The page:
Betsy MacDonald (NDP), Sean Fraser (Liberal), George Canyon (Conservative) and Barry Randle (Green) participated in a candidates' forum hosted by the Antigonish Chamber of Commerce. Aaron Beswick
Betsy MacDonald (NDP), Sean Fraser (Liberal), George Canyon (Conservative) and Barry Randle (Green) participated in a candidates' forum hosted by the Antigonish Chamber of Commerce. Aaron Beswick - Corey LeBlanc

Antigonish Chamber of Commerce hosts breakfast forum

ANTIGONISH, N.S. —

Abortion, Northern Pulp and rural broadband access – Sept. 25’s candidates’ forum for Central Nova hosted by the Antigonish Chamber of Commerce didn’t skirt the issues.  

Incumbent Liberal Sean Fraser and Conservative George Canyon, according to polling, are in a neck-and-neck race for the historically blue riding.                

In their introductory statements the four participating candidates – Fraser, Canyon, Betsy MacDonald (NDP) and Barry Randle (Green) – all played the part one would expect in front of an  audience of small business owners.                

Fraser championed his government’s record of lowering the small business tax rate from 11 to nine per cent, investing in the twinning of Highway 104 from Sutherland’s River to Antigonish and local institutions like the Farmers Market.

Canyon, a Pictou County native and popular country musician, introduced himself to the crowd as a fellow small business person who had worked hard while raising a family and knew their struggles.                

Randle, who owns the Stone Soup Café with his wife Denise Davidson, warned that climate change needs urgent action and pointed to his party’s plans to reduce Canada’s carbon emissions by 60 per cent over the next 11 years and to net zero by 2050.                

MacDonald shared Randle’s concerns about the climate crisis and added the need to encourage more small scale farming and increase the purchasing power of low income people so they can better participate in the local economy.                

It was in the questions selected from the gallery that the hot button topics were addressed.                

Asked their position on abortion, the Green, Liberal and NDP candidates all agreed that the government should not limit access to it.                

Canyon was the only person to offer any hesitation in his response.                

“At the end of the day my personal opinions are not the issue,” said Canyon.                

“The issue is what are the opinions of the residents of Central Nova.”                

Asked his personal opinion after the forum, Canyon said he didn’t agree with abortion being used as a form of birth control.                

However, he added, that he shared leader Andrew Scheer’s position that Canada’s abortion laws are not something a Conservative government would seek to change.                

The candidates diverged further when asked what the impact of closing Northern Pulp would be.                

The Pictou County kraft pulp mill will shut on Jan. 31, 2020, unless the province provides it an extension to use the existing effluent treatment facility at Boat Harbour.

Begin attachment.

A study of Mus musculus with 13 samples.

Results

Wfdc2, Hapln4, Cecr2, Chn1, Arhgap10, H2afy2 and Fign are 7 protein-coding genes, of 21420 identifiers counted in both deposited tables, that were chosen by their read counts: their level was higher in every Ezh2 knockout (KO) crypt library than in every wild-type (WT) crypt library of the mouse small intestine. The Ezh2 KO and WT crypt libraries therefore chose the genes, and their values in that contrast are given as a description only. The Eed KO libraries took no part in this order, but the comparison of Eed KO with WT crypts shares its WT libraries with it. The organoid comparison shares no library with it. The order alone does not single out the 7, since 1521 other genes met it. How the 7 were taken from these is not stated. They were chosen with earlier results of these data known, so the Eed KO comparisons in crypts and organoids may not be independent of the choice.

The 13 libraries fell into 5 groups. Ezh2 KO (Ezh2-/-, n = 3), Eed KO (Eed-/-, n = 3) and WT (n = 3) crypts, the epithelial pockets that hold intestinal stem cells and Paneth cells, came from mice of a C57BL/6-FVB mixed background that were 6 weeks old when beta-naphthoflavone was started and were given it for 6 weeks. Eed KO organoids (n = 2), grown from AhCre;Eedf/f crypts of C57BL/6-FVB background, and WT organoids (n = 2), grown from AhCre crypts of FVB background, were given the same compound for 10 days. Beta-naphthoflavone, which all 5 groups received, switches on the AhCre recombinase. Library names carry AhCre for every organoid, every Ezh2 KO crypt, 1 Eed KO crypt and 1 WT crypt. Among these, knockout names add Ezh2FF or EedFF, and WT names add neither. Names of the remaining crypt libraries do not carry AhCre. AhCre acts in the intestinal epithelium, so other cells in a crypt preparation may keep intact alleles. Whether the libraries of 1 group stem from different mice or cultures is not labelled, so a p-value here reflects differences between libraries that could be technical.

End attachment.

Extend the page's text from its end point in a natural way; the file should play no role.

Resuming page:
“I’m against running a pipe into the strait and I’m against extending the Boat Harbour deadline,” said MacDonald.                

“Northern Pulp has had time to find a solution and that time is running out.”                

Randle added to that the need for an apology and compensation to be paid to the Pictou Landing First Nation, which were tricked by provincial officials a half century ago into accepting the effluent treatment facility beside their community.                

“What’s going on now is just posturing for the lawsuits that will follow,” said Randle.                

Canyon and Fraser, meanwhile, continue to refuse to take a position on whether the province should extend the Boat Harbour Act to allow the mill to continue operating while it builds a proposed replacement for the existing effluent treatment facility.                

“The job of a leader is to hear all sides,” said Canyon, noting he has met with fishermen, Northern Pulp pensioners, Pictou Landing Chief Andrea Paul and mill workers.                

“… The extension of Boat Harbour is in the premier’s hands right now.”                

For his part Fraser said his “priority is to ensure the marine environment is not put in the path of irreparable harm.”                

While the federal environment minister has sought a second opinion from the Impact Assessment Agency of Canada on whether to require a longer federal review of the proposed project, Fraser said it was unlikely a decision would be made on that before the Oct. 21 election.                

Not participating in the forum were People’s Party candidate Al Muir and Communist Party Candidate Chris Frazer, a history professor at St. Francis Xavier University.                

“It’s clear they wanted the candidates they presume have actually a chance of winning the election,” said Frazer, who was not yet a registered candidate when the forum was being organized.                

“I get it. But there’s ideas I could have brought that would have had interest.”